Changing directions, overcoming difficulties
Two Prineville women credit Adult and Family Services and Goodwill Industries with helping them change their lives aroundFor women who find themselves alone in the world, short on education, a couple of kids and a serious lack of job experience, the future can seem quite bleak. With the combined help of area service organizations, two such women from Prineville are now facing a brighter future.
Like many women without resources, both Prineville's Niki Keller-Dill and Sharrell Fluty eventually found themselves at the Adult and Family Services (AFS) office, signing up for food stamps and filling out applications for Welfare assistance. But unlike others, Keller-Dill and Fluty had the fortitude to turn their lives around.
According to the Welfare to Work Partnership, more than 5.6 million Americans have taken themselves off the welfare rolls since 1996, when President Clinton initiated dramatic welfare changes. Today, there are 44 percent fewer families and 46 percent fewer individuals receiving welfare.
In cooperation with AFS, Goodwill Industries routinely coordinates individuals with employers in Crook County to create jobs based on the needs of local industry and the ability of the individual.
Meeting with each of the women, the task of AFS case worker Shari Beisenhertz, was to assess each situation individually and guide them toward making choices which promoted positive change.
A prime candidate for the program, Keller-Dill, a 32-year-old single mother of three, came to the end of her rope about a year ago. With a sporadic history of working seasonal jobs, Keller-Dill had been struggling for some time to keep her family together. At one point she and two of her children were living in a tent.
"I was homeless and living with my mother at the back of her trailer with one of my children. I just had had enough. I didn't know where I was going or what to do, so I went to the AFS where I met Shari. She hooked me up with this new program with Goodwill where I got training and a job."
Fluty, a 34-year-old mother of two and breadwinner for her family went through a similar process.
Although Fluty had held down jobs in the past, she hadn't been employed for more than two years. With the help of AFS and Goodwill she eventually found employment with Morgan's Restaurant.
For Keller-Dill it was a matter of securing a stable housing situation, furnishings for her `new' home, getting a driver's license and acquiring appropriate clothing for work.
Last August Keller-Dill was ready for the next phase of the process and she was referred to the Goodwill Industries Community Work Experience program. Under this program a local business, in this case Rite-Aide, agreed to take her under their wing, and train her, while Goodwill paid for her wages. After 80 hours of work experience, Keller-Dill was hired as a permanent employee.
For Fluty the first steps toward independence and self-sufficiency included obtaining a GED, getting her car fixed, finding suitable work clothes and taking a trip to the beauty salon.
Last July Fluty was ready to enter the Community Work Experience program and was signed up with Morgan's Restaurant where she started out as a dish washer.
After successfully completing the assessment period she too was hired as a permanent employee. She works as a prep cook today and is currently continuing to advance her training and experience.
Businesses who make up the Welfare to Work partners have reported that former welfare recipients make dedicated and reliable workers. In fact, eight out of ten executives who have hired former welfare recipients have found them to be "good, productive employees." And the majority of business leaders report that their welfare to work hires stay on the job as long as -- or even longer than -- other entry-level employees.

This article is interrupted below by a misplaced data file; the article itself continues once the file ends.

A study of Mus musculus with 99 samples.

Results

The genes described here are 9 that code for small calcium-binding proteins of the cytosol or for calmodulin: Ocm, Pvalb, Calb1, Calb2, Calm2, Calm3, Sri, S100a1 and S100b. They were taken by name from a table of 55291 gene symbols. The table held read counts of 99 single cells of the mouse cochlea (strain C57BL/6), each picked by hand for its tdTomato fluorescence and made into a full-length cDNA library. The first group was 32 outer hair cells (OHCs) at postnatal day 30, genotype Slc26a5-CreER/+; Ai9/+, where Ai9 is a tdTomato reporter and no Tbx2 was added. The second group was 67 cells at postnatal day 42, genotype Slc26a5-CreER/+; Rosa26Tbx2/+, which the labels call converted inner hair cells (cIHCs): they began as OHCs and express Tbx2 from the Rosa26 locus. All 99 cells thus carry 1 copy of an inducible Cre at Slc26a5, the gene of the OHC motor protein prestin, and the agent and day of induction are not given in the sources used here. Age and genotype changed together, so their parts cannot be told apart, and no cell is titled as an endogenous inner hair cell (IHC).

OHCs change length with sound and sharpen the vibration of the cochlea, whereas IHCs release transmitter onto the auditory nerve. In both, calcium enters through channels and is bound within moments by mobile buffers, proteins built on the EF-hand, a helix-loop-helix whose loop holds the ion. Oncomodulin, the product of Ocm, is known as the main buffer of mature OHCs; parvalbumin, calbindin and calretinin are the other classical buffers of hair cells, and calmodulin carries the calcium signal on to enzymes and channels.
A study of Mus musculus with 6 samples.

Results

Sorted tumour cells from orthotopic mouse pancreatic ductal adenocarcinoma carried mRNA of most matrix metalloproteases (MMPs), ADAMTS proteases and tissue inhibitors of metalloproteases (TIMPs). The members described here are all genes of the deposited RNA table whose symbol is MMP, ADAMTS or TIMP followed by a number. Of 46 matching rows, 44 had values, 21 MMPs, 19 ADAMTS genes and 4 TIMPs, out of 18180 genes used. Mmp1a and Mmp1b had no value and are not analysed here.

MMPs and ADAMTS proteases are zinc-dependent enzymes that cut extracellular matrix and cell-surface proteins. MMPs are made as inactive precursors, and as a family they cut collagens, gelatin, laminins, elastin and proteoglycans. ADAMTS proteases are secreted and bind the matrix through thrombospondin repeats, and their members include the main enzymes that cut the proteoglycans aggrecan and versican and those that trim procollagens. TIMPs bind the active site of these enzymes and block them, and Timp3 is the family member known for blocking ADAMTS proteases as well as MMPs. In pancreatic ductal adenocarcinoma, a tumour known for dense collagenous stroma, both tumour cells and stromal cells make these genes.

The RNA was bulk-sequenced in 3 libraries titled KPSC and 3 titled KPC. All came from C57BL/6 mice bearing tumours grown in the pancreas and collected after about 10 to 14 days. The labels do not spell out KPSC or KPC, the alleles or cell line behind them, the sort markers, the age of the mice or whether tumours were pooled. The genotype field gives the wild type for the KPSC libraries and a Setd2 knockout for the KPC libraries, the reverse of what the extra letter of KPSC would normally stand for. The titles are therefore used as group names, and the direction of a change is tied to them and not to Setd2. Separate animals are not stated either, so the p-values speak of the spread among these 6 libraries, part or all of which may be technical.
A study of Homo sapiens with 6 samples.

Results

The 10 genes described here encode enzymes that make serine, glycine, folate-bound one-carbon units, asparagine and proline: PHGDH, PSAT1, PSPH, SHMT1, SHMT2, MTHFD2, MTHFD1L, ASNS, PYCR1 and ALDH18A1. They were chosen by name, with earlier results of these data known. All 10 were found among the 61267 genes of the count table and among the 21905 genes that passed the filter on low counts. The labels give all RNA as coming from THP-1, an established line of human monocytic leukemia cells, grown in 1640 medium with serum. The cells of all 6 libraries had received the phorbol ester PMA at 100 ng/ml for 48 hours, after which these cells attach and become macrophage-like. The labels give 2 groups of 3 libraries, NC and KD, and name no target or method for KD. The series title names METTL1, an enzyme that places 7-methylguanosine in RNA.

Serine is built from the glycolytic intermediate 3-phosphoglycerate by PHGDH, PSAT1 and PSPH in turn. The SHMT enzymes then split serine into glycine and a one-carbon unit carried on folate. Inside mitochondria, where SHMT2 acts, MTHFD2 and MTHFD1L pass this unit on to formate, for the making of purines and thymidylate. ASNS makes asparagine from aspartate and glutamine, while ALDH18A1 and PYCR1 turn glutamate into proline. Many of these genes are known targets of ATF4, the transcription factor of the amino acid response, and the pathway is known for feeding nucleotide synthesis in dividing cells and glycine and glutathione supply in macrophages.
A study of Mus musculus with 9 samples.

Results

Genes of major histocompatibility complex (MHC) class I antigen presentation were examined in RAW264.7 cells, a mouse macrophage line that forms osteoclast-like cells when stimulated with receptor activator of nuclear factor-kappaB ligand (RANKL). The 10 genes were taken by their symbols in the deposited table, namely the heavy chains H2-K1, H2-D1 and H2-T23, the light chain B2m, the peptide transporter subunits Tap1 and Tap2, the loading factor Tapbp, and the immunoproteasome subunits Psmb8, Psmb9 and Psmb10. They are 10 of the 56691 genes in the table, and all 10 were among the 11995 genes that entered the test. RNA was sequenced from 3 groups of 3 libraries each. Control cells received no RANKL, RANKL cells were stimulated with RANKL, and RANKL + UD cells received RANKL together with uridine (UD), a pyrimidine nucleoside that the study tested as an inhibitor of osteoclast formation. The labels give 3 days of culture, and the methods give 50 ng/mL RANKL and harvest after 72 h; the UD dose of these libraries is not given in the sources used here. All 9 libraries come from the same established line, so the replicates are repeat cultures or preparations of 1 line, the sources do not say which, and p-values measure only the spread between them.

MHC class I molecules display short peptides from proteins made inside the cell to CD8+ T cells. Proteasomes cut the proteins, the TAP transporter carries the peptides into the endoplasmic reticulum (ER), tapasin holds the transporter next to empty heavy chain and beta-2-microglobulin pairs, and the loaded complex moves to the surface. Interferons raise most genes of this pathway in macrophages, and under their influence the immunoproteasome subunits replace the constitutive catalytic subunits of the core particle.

Both Keller-Dill and Fluty agree, the difference between what and who they are now compared to a year ago is like night and day. Each woman says she is much happier in her personal life and feels like she is supported by a new-found community of friends.
Beisenhertz explained that the success of Keller-Dill and Fluty is directly attributable to their courage to make changes in their own lives.
"I'm looking at these two girls now, and there's no way they looked this good a year ago," said Beisenhertz.
"We were both pretty bad off, and had no self-esteem. We both probably suffered from lack of wanting to try because we were already failing. But Shari helped us a lot. If it wasn't for her I wouldn't be here," Keller-Dill said. "Today I have a home, a car and a job, and a much brighter future."
The changes in the Welfare program have made it difficult, if not impossible, for people to simply collect a check. "In the old days we used to give people benefits and didn't expect them to do anything in return," Beosenhertz explained. "It's a lot different today. When people come in we don't want to put them on welfare. If they are able to work we put them on assessment for 30 days to see what we can do to get them job- ready."
She added that the goal overall is to help folks become independent, but once in the system, they are not cut loose until they are fully capable.
"We don't just let them go," Beisenhertz emphasized. "Sometimes people say these people get a job, but they can't live because they don't get any benefits. But usually they get food stamps, a medical card and employment related day care. As long as they cooperate with the jobs program we can do quite a lot to assist them, until they find a job. We've really been lucky with people getting employed."
Perhaps the real proof of success is the bright smiling faces of Keller-Dill and Fluty as they talk about their ability to provide for their families, and pay their bills. Certainly these women are stepping into a new role model for their children as well as other women just entering the program.